Upcycling: Hershey-Backed Blue Stripes Makes Cacao Products From The Shells And All

Food & Drink

Upcycling, a sort of culinary alchemy that turns food waste into edible gold, is one of the most encouraging environmental trends in Consumer Packaged Goods (CPG). The enterprising food companies in this space are hoping to make at least a small dent in the massive problem of food waste by making use of the byproducts of food production, as well as leftover plant and animal parts (think crispy fish skins) and imperfect produce.

Since the Upcycled Food Association’s inception in 2019, the trade group reports that its membership has grown to 255 food producers, and its member companies have diverted nearly a billion pounds of food waste.

Not every company’s new upcycled food has tickled my tastebuds this year, but here’s a standout: Blue Stripes Urban Cacao, whose investors include Hershey Co. The startup’s entire product line debuted in Whole Foods in May 2022 and the company is finishing out its first, partial year in business with $4.5 million in sales. Next year, sales are projected to triple, says CEO Oded Brenner.

Chocolate makers typically discard everything but the cluster of cocoa beans (really seeds) that the white pulp encases. About 70 percent of the cacao pod goes to waste—meaning that chocolate makers are typically discarding most of the fruit pulp and the shell, despite all the energy and resources it takes to produce them. Then ,consider it takes roughly two-three cacao pods to make a single bar of chocolate.

That dark secret of chocolate production really bothered Brenner. While chocolate has been processed for hundreds of years, most people have never tasted the cacao fruit.“They don’t know about its incredible hidden potential ,” says the serial entrepreneur.

He founded Max Brenner Chocolate in Israel in the mid-1990s, staying on after its acquisition by Strauss Group in 2001 for $5 million. The chain expanded internationally with more than 50 outlets at its height. While he was still there, he also started a bakery chain. Unfortunately, things didn’t end well. Brenner got sued by Strauss in 2012, which alleged that the bakery chain was a breach of his noncompete clause. After expending considerable resources on the legal battle, he was forced to leave the company and stay out of the industry for five years.

His comeback didn’t disappoint. In 2019, Brenner opened up a new store in Manhattan’s Greenwich Village, which he and his partners called Blue Stripes Cacao Shop. “We created a concept where you could drink and eat all kinds of things made from cacao.”

The store was doing well, but in 2020, as the Covid-19 pandemic shut down retail businesses in New York, Brenner took the opportunity to pivot and rethink his business model. “I wanted to say goodbye to the retail part of my life and move to CPG,” he explains.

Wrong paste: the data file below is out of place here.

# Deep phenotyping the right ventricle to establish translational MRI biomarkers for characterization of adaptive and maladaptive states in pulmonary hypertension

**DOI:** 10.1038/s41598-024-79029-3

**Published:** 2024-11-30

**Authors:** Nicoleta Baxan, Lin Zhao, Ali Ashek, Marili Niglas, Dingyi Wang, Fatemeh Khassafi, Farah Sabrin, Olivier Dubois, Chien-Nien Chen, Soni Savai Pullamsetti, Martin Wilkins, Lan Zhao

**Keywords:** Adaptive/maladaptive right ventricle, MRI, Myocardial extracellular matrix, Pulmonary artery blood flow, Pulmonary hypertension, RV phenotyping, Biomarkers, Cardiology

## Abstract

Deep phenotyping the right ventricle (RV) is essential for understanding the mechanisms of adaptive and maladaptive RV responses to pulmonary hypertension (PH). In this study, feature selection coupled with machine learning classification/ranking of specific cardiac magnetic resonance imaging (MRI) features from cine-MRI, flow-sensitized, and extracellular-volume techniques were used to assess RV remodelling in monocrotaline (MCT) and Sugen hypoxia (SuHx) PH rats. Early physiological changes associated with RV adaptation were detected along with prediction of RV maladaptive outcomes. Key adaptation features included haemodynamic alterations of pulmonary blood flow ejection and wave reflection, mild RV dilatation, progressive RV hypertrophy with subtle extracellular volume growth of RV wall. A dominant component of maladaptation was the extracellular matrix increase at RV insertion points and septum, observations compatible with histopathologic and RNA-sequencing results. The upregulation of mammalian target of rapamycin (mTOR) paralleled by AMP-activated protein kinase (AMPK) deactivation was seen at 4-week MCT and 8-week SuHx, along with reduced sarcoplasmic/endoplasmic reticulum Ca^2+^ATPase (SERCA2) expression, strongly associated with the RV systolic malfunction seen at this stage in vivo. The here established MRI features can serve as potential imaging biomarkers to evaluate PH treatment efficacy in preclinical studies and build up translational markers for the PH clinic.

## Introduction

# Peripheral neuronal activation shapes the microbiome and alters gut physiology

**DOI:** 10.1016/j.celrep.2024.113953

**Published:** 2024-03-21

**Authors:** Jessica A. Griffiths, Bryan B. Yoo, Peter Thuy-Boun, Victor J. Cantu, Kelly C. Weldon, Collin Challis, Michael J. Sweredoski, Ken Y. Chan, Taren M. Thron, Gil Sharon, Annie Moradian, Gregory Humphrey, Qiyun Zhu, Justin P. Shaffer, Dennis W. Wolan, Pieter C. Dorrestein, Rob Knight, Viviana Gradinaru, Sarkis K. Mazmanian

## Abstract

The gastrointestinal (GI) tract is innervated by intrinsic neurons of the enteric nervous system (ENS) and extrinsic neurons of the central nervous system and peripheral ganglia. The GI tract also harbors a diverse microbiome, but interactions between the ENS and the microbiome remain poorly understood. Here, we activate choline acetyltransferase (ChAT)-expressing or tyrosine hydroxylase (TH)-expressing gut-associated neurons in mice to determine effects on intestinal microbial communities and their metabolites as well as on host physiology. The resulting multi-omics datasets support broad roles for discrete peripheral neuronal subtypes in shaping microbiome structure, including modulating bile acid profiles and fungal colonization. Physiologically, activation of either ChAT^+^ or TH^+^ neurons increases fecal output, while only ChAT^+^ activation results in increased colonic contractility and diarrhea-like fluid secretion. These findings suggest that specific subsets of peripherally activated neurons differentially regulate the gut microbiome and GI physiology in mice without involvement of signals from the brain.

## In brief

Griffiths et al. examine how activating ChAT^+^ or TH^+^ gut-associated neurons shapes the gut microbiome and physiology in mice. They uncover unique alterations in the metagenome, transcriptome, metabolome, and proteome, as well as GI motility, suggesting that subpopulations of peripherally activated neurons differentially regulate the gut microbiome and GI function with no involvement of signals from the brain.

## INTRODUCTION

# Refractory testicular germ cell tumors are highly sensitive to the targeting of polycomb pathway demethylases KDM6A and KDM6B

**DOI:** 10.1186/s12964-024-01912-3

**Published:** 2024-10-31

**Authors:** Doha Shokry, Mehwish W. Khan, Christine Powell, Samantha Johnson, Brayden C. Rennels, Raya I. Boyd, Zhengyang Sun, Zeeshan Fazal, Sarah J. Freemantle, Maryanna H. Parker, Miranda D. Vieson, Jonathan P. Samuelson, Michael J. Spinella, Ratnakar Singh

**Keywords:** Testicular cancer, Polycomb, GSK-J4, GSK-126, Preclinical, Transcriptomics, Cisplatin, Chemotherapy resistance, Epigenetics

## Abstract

Brenner and his team set to work developing CPG products that utilized every part of the antioxidant-rich cacao pod and take advantage of its superfood properties. They cold-pressed the pulp to make cacao water; they ground up the shell into a gluten-free flour and extracted cacao sugar from the fruit; they also turned the fruit into smoothie mixes.

They even concocted a chocolate-covered whole cacao bean dusted with the powdered shell and cacao fruit sugar, instead of powdered cocoa. The variety made with hazelnut butter, Brenner’s favorite, packs three grams of fiber and 11% of an adult’s daily iron requirement, according to the nutrition facts on the package. It’s also rich in magnesium and phosphorous, among other things. Blue Stripes’ tasty granola and trail mixes get their crunch from the ground-up shells and their chewiness from bits of dried cacao fruit. Cacao sugar is used as a sweetener.

Saying ‘yes’

The twists and turns in an entrepeneur’s journey contain moments of pure serendipity. In Brenner’s case, the casual decision to send a sample box to Whole Foods, including a whole cacao pod for dramatic effect, yielded unexpected results.

“They said ‘we want to launch the entire line at one time in all 550 stores,’” Brenner recalls. “We couldn’t say no to this.” That meant ramping up quickly, a task that was challenging, but not impossible.

After the Whole Foods launch in May 2022, other supermarket chains, such as Sprouts and Kroger, signed deals as well. Blue Stripes’ investors include Hershey Co., which took an early strategic stake in the company. To date, Blue Stripes has raised about $16 million and is seeking to raise another $10 to $15 million in the near future.

New upcycled cacao products are already in the works. Since Blue Stripes foods are all vegan-friendly, he wants to make milk chocolate with oat milk. He’s also working on a whole cacao bar with tahini—like a halvah mixed with dark chocolate.

Brenner, who once dreamed of being a novelist before he fell into chocolate, says his career has mostly been about being a storyteller.

“I’m using food as my pen,” he says. Even his cheery packaging tells a story that promotes his upcycling mission with colorful, whimsical pictures of gorillas and tropical birds. In addition to its environmental focus, Blue Stripes aims to help their Ecuadorian farmers by buying the product directly from them.

Brenner is hoping the stories he tells through his cacao products will inspire more people to try upcycled foods and embrace the mission. “I see a lot on social media that people get it. They are echoing our messaging and echoing our mission.”